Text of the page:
January 7, 2007

Blog categories fall apart because they’re incidental. A post doesn’t exist in order to be categorized.

In the heat of the moment, we forget to put some posts in the right category. We forget to put some posts in any category at all. We can't decide which categories to choose — and so everything ends up turning miscellaneous.

Or, we say, "I'll sort these out later.” We all know how that turns out!

The answer, I think, is simple:

Scott Johnson is doing something similar for photography at Ookles. Nobody is as thorough about labeling and tagging their snapshots as they ought to be. But Ookles can deploy some good state-of-the-art face recognition: it can tell that this is a picture of Suzy and that's a picture of Terrence. So, it goes ahead and tags things for you. (And, I'm sure, there will be some handy way to tell it that, 'No, that's not Suzy, it's her long lost twin sister Suw! Who knew?!')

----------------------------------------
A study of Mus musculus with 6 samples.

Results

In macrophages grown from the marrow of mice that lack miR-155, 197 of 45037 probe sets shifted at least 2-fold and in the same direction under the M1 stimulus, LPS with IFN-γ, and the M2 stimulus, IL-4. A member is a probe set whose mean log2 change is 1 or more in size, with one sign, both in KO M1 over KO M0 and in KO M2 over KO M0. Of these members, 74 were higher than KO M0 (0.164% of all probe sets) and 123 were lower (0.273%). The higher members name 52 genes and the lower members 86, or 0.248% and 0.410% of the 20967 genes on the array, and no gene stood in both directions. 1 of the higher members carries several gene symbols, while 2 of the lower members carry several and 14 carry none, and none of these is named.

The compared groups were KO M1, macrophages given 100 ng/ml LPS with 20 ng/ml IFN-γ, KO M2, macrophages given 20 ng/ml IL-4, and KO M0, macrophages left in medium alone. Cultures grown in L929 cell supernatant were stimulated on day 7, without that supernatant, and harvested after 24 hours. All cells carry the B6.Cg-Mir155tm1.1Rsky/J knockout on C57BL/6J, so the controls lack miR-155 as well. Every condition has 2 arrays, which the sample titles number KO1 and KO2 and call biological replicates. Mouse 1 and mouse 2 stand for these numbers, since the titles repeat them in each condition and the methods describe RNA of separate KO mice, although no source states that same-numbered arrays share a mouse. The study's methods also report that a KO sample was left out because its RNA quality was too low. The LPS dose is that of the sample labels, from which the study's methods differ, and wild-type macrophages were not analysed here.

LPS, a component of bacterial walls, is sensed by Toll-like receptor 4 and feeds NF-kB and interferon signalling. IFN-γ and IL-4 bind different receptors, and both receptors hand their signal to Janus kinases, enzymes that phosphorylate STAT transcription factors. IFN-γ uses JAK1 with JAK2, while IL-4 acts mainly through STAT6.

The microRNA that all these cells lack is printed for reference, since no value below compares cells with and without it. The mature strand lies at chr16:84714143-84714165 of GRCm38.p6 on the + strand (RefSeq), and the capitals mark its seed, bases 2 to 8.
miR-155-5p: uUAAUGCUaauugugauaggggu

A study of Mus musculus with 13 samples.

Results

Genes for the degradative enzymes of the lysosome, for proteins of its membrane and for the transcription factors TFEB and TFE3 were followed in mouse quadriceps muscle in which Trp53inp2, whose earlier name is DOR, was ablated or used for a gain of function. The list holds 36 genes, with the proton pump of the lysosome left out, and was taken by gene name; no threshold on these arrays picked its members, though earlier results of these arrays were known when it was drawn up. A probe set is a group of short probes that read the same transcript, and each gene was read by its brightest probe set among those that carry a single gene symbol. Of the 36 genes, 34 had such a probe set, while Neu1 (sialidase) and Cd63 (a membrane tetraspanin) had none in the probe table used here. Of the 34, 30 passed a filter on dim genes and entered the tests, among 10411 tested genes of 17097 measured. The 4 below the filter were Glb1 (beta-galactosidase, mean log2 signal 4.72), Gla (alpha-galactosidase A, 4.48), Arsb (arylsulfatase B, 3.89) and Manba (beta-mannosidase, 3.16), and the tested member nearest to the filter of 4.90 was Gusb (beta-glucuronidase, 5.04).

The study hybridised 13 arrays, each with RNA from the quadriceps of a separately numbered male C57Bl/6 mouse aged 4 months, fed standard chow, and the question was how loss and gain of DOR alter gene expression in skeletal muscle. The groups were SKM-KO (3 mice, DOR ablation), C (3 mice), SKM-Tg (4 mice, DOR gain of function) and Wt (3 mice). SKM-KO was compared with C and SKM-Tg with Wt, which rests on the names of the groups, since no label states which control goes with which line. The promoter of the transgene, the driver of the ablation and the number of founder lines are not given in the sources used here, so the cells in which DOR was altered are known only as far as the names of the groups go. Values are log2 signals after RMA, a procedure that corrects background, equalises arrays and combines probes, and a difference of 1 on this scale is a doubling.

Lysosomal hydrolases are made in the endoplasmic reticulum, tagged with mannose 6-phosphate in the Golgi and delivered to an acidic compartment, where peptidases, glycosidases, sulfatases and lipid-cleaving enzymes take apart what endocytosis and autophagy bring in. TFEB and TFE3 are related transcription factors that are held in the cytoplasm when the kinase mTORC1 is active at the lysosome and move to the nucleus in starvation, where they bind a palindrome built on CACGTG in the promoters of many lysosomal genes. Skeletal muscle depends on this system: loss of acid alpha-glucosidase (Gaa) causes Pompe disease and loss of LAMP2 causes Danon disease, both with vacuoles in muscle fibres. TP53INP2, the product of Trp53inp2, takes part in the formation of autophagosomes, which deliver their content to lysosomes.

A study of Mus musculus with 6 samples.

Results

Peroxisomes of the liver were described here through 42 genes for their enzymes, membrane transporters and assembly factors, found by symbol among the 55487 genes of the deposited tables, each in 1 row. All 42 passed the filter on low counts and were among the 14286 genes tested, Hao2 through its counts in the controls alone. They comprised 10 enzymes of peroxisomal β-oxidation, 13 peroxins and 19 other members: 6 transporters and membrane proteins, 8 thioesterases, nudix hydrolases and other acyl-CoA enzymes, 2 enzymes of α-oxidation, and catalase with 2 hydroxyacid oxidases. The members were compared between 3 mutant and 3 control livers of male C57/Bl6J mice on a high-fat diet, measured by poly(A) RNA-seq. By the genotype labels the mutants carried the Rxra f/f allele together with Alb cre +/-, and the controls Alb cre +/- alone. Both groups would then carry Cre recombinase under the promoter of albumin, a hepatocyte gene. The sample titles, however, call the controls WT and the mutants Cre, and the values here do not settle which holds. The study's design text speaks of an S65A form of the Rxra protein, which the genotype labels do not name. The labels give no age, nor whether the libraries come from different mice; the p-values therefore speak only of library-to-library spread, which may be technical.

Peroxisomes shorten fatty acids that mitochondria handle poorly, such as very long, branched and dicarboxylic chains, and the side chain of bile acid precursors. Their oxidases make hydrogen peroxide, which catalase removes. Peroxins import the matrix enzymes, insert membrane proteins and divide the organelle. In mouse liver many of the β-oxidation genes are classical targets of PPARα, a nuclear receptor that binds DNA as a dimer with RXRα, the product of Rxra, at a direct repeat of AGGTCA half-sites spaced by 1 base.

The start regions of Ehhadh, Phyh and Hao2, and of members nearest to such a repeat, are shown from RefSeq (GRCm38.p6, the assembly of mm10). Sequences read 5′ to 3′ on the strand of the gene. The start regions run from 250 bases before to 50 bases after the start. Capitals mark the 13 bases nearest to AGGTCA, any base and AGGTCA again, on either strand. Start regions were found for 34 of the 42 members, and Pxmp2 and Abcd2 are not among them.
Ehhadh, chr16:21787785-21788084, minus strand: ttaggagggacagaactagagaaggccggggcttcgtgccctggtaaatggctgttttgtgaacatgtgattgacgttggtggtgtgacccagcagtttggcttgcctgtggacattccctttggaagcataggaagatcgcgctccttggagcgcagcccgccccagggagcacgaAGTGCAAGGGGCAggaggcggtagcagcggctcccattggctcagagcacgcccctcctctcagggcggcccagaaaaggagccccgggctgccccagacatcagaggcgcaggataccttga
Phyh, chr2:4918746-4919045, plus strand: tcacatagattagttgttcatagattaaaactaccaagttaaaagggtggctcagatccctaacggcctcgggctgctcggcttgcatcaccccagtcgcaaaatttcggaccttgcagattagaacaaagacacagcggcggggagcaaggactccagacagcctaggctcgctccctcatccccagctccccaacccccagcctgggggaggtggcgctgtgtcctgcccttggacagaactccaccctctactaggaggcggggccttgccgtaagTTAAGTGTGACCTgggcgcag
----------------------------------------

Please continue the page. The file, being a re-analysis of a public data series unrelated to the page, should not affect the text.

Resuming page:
Tinderbox 3.6 introduces sets, which make it really easy to let agents assign things to categories for you. Agents search for notes that meet some criteria, such as "notes that are inside my archives, published in the last three years, and that mention Roger Ebert, David Mamet, or Louis Menand". Now, we can let agents automatically add and remove tags:


Adornments and containers can add and remove tags, too. Put something there, and it automatically gets metadata. Your pile of finished tasks can automatically add Complete and remove ToDo from the note's tags.

All this extends Tinderbox's role as a spreadsheet of ideas, and makes it much easier to keep categories alive and reasonable consistent. There will always be edge cases: this post mentions Mamet but it's not really about the theater, just as Suw isn’t really Suzy but merely looks like her. But getting things roughly right is much better than giving up.

I expect this is especially important for high-volume pro bloggers. Good, focussed categories are good ad targets, so they should be good revenue enhancers. But you don't have a stable of tame indexers categorizing every bit of gossip of about The Valley or the next Apple gizmo! If an occasional post is indexed somewhat fancifully, the readers and advertisers will soon forgive you. But everyone has archives, and we all should use our archives to greater effect.